Waste management company Biffa has called for planning and provision for waste infrastructure to be at the forefront of any planning system reforms.
And, in parallel to the government’s newly announced planning reforms, the company’s head of environmental and external affairs, Jeff Rhodes said there was also a need to review the Environment Agency permitting system to make sure that too could help speed development.
The company issued its calls after the publication by the government yesterday (6 August) of a white paper proposing reforms to speed up and modernise the planning system in England.
Radical changes to planning rules will see the government sweep away many current restrictions.
Jeff Rhodes, head of environment and external affairs at Biffa, said: “Whilst we welcome any new measures that help support a green recovery, the integration of planning and provision for waste infrastructure must be an essential element of planning system reform considerations.
“Sustainable economic recovery and the creation of sustainable communities rely on a comprehensive land use planning system rather than a selective approach, which risks putting housing delivery in conflict with existing essential waste infrastructure as well as new waste and resources infrastructure provision to achieve circular economy ambitions.”
The government says it plans to streamline the planning process, cut red tape and harness technology to deliver projects faster.
Where previously the English planning system has been discretionary, the government now proposes to classify land into three zones, with planning permission awarded automatically if proposals meet certain criteria.
Approval for the development of new homes, hospitals, schools, shops and offices in ‘growth’ zones will be granted automatically at the same time that plans are prepared.
‘Renewal’ areas will see permission given in principle, subject to basic checks. Development on Green Belt land will continue to be restricted.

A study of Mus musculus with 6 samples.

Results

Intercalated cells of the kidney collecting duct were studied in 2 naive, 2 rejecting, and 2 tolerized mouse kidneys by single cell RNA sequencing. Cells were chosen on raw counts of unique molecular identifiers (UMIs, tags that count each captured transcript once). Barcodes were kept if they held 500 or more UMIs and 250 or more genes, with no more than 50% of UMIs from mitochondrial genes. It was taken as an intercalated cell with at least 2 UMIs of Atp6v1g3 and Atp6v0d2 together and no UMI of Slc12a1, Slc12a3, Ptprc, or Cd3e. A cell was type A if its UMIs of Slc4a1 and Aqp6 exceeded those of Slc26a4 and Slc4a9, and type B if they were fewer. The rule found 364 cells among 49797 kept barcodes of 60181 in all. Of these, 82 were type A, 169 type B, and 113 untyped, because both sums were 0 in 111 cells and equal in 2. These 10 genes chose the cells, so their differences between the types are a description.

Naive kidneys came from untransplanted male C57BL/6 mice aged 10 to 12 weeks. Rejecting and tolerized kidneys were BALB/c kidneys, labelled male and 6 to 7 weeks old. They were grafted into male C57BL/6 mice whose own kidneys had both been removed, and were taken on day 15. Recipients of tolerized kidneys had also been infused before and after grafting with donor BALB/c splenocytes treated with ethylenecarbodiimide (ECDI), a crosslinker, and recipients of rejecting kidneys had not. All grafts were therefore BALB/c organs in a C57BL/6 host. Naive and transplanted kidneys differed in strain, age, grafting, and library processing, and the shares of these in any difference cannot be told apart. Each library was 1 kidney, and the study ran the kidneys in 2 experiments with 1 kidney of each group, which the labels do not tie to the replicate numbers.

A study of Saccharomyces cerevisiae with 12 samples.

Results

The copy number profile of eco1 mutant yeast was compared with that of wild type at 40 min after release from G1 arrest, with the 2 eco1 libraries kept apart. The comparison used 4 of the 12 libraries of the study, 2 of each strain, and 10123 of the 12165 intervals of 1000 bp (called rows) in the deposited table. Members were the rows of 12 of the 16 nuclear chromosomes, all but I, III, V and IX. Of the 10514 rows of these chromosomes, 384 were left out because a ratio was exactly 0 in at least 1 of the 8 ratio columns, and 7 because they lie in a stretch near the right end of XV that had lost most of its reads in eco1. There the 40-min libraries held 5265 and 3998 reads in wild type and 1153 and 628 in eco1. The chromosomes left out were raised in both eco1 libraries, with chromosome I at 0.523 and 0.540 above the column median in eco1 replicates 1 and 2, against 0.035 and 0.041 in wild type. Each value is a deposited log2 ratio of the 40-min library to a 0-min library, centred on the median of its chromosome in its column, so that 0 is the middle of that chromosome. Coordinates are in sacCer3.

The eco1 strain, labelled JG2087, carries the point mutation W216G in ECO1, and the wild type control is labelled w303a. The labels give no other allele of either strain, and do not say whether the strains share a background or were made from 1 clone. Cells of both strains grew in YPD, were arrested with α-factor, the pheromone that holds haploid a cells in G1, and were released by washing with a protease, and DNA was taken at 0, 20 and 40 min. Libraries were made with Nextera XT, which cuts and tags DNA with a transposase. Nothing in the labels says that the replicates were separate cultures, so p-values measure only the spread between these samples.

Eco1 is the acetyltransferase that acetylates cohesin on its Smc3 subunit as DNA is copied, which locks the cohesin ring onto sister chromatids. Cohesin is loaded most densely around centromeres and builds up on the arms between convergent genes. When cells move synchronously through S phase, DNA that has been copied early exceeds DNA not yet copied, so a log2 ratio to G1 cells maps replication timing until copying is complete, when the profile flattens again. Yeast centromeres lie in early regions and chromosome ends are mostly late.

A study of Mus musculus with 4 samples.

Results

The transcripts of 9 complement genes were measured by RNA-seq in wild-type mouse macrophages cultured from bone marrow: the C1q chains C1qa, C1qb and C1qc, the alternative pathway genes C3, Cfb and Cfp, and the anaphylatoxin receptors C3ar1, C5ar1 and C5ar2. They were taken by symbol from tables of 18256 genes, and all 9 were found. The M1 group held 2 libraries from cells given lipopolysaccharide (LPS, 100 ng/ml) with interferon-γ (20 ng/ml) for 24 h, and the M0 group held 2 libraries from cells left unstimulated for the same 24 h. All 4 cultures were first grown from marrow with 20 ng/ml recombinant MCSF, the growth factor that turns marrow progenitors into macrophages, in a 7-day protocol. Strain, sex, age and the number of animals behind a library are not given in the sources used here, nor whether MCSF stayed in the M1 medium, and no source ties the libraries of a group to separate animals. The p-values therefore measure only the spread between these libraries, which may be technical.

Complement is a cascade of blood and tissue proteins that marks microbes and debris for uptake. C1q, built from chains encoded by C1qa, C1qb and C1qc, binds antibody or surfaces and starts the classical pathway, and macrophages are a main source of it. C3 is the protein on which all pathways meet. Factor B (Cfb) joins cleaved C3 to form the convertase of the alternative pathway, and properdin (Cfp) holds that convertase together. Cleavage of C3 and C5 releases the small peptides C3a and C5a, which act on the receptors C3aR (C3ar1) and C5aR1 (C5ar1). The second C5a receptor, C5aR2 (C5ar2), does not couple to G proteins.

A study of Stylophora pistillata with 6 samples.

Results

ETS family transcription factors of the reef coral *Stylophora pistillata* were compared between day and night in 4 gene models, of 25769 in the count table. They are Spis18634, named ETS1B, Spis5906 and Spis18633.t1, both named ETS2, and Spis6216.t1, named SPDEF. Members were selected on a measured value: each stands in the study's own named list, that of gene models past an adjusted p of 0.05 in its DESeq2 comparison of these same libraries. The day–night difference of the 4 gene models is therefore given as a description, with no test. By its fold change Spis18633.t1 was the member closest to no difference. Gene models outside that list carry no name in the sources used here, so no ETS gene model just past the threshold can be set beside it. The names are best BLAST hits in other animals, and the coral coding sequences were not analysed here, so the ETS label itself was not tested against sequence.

Housing secretary Robert Jenrick said: “These once in a generation reforms will lay the foundations for a brighter future, providing more homes for young people and creating better quality neighbourhoods and homes across the country.
“We will cut red tape, but not standards, placing a higher regard on quality, design and the environment than ever before.”
The proposals have been criticised by environmental charities, with Kate Gordon, senior planner at Friends of the Earth, saying: “These planning reforms are bad news for our communities, climate, and local democracy.”
Biffa also called for an overhaul of the Environment Agency’s permitting system.
Mr Rhodes said: “Furthermore, in order to ensure the timely delivery of waste infrastructure, we encourage an urgent review of the Environmental Agency’s permit regime to be more supportive of development and investment, like the planning system.”
Biffa’s demands echo views expressed on 1 July by the Environmental Services Association (ESA), the trade association representing the UK’s resource and waste management industry.
Then the executive director of the Jacob Hayler said: “To unlock our investment potential in green infrastructure, our sector needs clarity over the final shape of the government’s Resources & Waste Strategy this year and the removal of significant barriers in the regulatory process caused by a lack of permitting capacity at the Environment Agency, which is currently resulting in vital projects being unnecessarily delayed for months and, in some cases, years.
“What should be a 15-week process can currently take closer to 15 months and unless permitting capacity is increased, this will constrain our ability to support a near-term green recovery to the fullest extent.”